While the dangers of cigarette smoking to cardiovascular health are widely known, those for cannabis have been less researched. Now, researchers from the University of Guelph in Canada have found that people who smoke cannabis at an early age may have an increased risk of developing heart disease later on in life.
For the study, the researchers recruited 35 healthy young participants, of whom 18 used cannabis and 17 did not. They examined each participant’s heart and arteries with ultrasound imaging.
They honed in on three key criteria. The first was arterial stiffness, measured by how quickly a wave travelled down the artery. The second was cardiac function, or how the heart moves according to echocardiographic imaging. Meanwhile, the third was vascular function or how much the arteries expanded according to changing blood flow.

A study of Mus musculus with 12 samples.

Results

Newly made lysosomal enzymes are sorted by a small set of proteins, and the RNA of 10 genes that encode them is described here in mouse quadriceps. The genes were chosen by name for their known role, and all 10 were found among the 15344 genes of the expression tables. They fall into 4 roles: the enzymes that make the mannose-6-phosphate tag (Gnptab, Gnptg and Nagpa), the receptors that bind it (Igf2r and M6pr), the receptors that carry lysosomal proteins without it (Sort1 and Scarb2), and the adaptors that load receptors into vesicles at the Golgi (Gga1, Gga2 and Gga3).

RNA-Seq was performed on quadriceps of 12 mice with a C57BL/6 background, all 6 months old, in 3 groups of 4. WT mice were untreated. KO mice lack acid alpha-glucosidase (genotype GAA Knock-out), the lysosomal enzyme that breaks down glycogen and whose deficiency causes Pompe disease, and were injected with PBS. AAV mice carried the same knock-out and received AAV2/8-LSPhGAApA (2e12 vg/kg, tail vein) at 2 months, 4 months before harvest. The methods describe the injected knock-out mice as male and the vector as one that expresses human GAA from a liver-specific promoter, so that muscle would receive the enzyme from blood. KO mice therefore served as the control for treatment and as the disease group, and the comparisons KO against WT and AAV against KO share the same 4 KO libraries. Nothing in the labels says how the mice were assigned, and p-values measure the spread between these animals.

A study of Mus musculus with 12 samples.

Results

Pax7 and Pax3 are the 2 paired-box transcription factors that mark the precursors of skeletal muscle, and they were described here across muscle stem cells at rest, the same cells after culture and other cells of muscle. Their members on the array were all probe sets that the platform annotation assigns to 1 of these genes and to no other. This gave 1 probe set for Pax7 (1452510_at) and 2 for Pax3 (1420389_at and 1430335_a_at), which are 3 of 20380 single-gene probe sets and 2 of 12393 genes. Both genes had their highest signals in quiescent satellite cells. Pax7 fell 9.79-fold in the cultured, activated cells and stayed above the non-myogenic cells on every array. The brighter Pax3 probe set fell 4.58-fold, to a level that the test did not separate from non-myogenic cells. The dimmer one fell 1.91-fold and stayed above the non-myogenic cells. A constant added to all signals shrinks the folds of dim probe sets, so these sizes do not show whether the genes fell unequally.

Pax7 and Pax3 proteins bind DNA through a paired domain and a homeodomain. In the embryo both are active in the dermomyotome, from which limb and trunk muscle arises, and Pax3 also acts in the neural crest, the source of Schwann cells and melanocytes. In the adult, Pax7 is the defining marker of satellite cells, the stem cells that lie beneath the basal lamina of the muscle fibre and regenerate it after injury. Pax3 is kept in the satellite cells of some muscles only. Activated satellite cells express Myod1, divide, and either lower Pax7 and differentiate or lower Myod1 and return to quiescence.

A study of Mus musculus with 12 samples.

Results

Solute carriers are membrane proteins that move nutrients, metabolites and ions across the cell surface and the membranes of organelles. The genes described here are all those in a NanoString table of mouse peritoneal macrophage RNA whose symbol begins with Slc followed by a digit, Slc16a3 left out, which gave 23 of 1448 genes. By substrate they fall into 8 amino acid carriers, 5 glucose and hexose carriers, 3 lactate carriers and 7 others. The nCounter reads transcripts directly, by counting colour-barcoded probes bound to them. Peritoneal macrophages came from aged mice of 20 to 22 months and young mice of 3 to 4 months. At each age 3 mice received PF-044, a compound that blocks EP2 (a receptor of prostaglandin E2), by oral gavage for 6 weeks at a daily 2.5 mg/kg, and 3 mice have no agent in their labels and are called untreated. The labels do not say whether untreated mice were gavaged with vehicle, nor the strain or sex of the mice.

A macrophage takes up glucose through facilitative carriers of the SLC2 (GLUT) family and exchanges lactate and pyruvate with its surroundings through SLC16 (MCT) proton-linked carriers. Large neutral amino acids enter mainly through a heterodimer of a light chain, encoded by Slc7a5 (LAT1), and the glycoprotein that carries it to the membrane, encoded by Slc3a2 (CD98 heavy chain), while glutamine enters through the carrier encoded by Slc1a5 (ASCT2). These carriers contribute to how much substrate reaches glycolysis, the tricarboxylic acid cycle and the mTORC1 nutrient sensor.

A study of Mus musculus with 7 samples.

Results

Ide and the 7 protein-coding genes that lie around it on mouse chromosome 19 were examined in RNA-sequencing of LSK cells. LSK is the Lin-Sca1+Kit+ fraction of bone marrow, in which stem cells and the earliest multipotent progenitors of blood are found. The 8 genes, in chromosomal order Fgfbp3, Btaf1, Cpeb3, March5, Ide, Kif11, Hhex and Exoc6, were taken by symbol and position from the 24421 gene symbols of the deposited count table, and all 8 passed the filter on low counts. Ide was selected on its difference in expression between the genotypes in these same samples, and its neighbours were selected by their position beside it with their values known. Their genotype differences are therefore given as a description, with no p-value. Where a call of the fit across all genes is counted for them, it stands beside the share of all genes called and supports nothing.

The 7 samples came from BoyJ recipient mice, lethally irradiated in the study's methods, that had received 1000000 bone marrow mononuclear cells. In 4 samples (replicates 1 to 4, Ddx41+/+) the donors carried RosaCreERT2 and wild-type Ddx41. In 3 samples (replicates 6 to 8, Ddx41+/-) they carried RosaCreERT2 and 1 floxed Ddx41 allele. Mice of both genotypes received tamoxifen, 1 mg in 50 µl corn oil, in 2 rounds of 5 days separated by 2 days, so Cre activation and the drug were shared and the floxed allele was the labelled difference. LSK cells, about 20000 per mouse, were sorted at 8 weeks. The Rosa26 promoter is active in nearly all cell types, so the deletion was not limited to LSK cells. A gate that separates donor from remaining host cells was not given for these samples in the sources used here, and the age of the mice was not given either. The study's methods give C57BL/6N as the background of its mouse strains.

In the end, the researchers found that cannabis users tended to have greater arterial stiffness than non-users. They also found that cannabis users had lower cardiac function than non-users.
The researchers noted however that there was no difference between both groups in vascular function. This was surprising as cigarette smokers often experience lower vascular function, alongside lower cardiac function and stiffer arteries.
While the reasons behind this discrepancy are unknown, Christian Cheung, lead author of the study, said that it may come as a result of the different ways in which tobacco and cannabis are consumed, how much and at what frequency cannabis is consumed, and the user’s age.
"This is exciting new data, suggesting that even before more overt signs and symptoms of cardiovascular disease are present, there may be more subtle indications in altered physiological function," says Dr. Jamie Burr, one of the co-authors of the study.
"It also paves the way to our next studies, aimed at understanding the direct effects of cannabis consumption, and how this may interact with common stressors of everyday life, like exercise."